One of the things I enjoy most in Australia are the libraries. During my first trip to Melbourne, I went through more than two dozen volumes of mangas. On my recent trip I stocked up on travel books instead.
They had a great selection of travel books, the Footscray Library. Though I looked for familiar names like Moore, Bryson and Mayle, I also picked a couple of books from authors I haven’t encountered yet, but had a catchy title.
Here are some snippets from my favorite travel books I read while in Australia.
Today I am astonished to recall how innocently and naturally we did these things, but at the same time we felt that all Chianti was a bit ours. Indeed, it was this sense of proprietorship that kept us from anything as malicious as vandalism.
It’s easy – and perhaps natural – to make such generalizations. Who hasn’t, while traveling, made the mistake of judging an entire nation based on the behavior of a few individual citizens?
I was reminded of something Nigel Walker had said: “There are two words I don’t want to find myself uttering as an old man, and they are “If only…” If only. We all have our ‘if onlys.’ If only I’d studied harder, if only I’d stuck with those piano lessons, if only I’d spoken to that girl at the bus stop, if only I’d remembered Alison Wilcox’s name in the morning.
Apart from the particularly crude joke which now adorned the fridge door, one other message caught my eye. On the back, just below ‘Stay Cool!! Luv Chris and Jean,’ it read, ‘Life is a mystery to be lived, not a problem to be solved.’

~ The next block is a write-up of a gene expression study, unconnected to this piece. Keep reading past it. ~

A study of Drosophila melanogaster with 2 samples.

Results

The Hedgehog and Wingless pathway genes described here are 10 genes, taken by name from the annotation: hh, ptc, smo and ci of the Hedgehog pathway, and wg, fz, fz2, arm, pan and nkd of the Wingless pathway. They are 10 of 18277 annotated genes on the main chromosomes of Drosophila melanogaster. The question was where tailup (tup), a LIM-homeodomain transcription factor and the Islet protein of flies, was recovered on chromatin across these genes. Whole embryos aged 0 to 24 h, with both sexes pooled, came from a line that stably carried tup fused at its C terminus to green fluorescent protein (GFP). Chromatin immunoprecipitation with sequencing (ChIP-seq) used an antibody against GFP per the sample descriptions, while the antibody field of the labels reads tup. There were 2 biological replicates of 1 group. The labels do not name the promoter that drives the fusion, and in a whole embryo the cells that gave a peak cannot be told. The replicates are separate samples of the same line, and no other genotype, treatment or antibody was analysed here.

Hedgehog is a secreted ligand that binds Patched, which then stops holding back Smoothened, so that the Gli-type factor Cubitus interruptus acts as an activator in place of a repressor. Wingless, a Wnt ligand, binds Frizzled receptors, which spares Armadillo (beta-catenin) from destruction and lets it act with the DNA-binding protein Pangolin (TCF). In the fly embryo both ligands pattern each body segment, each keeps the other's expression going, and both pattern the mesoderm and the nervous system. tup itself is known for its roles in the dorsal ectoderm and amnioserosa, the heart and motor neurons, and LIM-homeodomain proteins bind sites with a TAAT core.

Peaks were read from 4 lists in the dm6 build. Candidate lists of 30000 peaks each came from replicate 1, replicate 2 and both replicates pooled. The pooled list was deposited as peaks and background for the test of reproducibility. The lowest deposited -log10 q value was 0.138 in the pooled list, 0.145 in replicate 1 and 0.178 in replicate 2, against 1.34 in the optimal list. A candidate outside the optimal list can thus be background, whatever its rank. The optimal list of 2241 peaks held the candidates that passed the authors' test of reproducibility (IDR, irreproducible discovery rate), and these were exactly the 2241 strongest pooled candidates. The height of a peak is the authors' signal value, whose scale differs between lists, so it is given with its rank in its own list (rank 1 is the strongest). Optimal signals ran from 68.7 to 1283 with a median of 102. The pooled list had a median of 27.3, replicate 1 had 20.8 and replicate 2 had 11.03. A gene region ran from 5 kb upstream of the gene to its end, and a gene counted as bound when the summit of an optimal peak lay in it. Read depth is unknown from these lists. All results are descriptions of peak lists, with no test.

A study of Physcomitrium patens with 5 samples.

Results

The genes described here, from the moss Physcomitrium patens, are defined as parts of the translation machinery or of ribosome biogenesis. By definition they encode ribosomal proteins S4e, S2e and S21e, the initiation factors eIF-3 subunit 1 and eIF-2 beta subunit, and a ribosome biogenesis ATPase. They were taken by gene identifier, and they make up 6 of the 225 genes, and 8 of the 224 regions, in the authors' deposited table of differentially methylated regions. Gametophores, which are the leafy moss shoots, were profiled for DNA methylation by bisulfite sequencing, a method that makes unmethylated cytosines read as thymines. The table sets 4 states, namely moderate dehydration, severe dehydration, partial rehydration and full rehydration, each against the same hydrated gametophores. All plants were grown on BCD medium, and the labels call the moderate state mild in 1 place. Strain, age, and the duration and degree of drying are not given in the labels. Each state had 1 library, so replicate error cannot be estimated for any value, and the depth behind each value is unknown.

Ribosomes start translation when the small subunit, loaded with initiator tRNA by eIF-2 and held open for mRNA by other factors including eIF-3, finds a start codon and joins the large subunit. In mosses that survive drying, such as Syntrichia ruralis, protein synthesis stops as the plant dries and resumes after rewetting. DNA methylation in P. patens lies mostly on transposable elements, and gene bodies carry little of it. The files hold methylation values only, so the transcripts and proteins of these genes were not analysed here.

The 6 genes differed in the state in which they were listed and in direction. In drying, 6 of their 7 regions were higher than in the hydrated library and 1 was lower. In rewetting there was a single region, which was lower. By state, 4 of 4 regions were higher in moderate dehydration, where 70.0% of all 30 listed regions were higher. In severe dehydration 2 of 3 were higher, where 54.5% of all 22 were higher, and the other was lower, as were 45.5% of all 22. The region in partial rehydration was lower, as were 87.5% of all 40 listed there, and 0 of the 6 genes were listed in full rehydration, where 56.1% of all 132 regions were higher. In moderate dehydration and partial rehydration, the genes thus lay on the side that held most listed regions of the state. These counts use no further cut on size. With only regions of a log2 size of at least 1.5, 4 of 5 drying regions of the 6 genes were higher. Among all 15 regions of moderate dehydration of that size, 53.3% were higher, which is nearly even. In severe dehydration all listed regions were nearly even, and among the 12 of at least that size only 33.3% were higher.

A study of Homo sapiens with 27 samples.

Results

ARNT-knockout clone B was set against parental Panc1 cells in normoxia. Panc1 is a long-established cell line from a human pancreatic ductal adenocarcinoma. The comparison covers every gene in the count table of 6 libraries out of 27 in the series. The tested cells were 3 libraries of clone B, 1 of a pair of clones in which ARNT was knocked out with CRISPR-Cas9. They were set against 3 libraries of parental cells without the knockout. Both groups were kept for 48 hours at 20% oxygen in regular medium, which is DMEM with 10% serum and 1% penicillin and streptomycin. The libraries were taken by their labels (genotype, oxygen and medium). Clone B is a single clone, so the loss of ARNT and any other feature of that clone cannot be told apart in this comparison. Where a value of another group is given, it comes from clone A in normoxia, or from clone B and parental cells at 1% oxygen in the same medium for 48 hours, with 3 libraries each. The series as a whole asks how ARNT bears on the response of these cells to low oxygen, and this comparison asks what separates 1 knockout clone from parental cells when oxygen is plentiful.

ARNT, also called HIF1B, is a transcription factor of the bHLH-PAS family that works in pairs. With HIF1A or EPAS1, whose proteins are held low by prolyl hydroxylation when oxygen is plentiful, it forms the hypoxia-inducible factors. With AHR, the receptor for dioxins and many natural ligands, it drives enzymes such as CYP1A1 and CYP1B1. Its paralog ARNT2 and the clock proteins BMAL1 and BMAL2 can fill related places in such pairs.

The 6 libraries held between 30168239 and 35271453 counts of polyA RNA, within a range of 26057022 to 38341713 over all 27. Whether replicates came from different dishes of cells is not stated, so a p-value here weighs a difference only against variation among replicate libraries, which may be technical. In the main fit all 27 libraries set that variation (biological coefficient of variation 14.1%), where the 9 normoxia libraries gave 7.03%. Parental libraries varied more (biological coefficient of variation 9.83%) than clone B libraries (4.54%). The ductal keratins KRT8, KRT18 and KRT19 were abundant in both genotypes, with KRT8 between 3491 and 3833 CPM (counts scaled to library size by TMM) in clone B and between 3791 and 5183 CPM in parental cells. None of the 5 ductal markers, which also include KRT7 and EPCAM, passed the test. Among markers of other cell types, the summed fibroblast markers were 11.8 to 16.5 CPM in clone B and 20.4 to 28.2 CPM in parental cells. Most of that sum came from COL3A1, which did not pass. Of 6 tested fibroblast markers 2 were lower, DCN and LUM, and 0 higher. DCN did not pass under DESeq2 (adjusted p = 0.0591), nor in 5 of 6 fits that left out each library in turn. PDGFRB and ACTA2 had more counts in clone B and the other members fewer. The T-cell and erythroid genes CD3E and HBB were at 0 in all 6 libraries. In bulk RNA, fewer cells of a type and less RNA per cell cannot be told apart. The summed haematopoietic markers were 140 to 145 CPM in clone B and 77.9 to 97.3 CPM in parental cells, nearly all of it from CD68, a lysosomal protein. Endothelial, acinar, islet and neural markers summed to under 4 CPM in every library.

I had learned not to worry;to make my choice and allow things to happen. For most part they turned out to be good, and when they weren’t – like the night from hell in a hostel – then they were character building. There weren’t any wrong or right paths to choose, just different ones, and where they led was governed by the attitude adopted towards them.
“Tourists, of course, are always other people; never us. We are different. We are travellers – intelligent, well-mannered and cultured, a blessing on our chosen destinations, a delight to have around. It’s a common attitude, and one that I have always found condescending and offensive, as well as inaccurate. If you travel away from home for pleasure, you’re a tourist, no matter how you like to dress it up.
I found an English translation of the first ‘Apple’ ad in a book Filippo had called “The Cult of Vespa.” It was written by Gilberto Filippetti and rather more poetic than the ads we’re used to today. It described how the ‘apple’ could be eaten alone or in company, at sunset, on the rocks or with your hard streaming in the wind. Just bite the apple, it said, rev up your Vespa and leave all those people devoid of imagination behind you.
There is a scene in the movie Il Postino, filmed on Salina, the island I’d visit next, where the young postman asks Don Pablo, the famous poet, how to become a poet. Don Pablo tells him ‘walk slowly along the shore as far as the bay and look around you.’ Nature would reveal the poetry. And the poetry would reveal what was important in life.
If you’re looking for a new travel book to read, why not try books by these four authors? They really are good.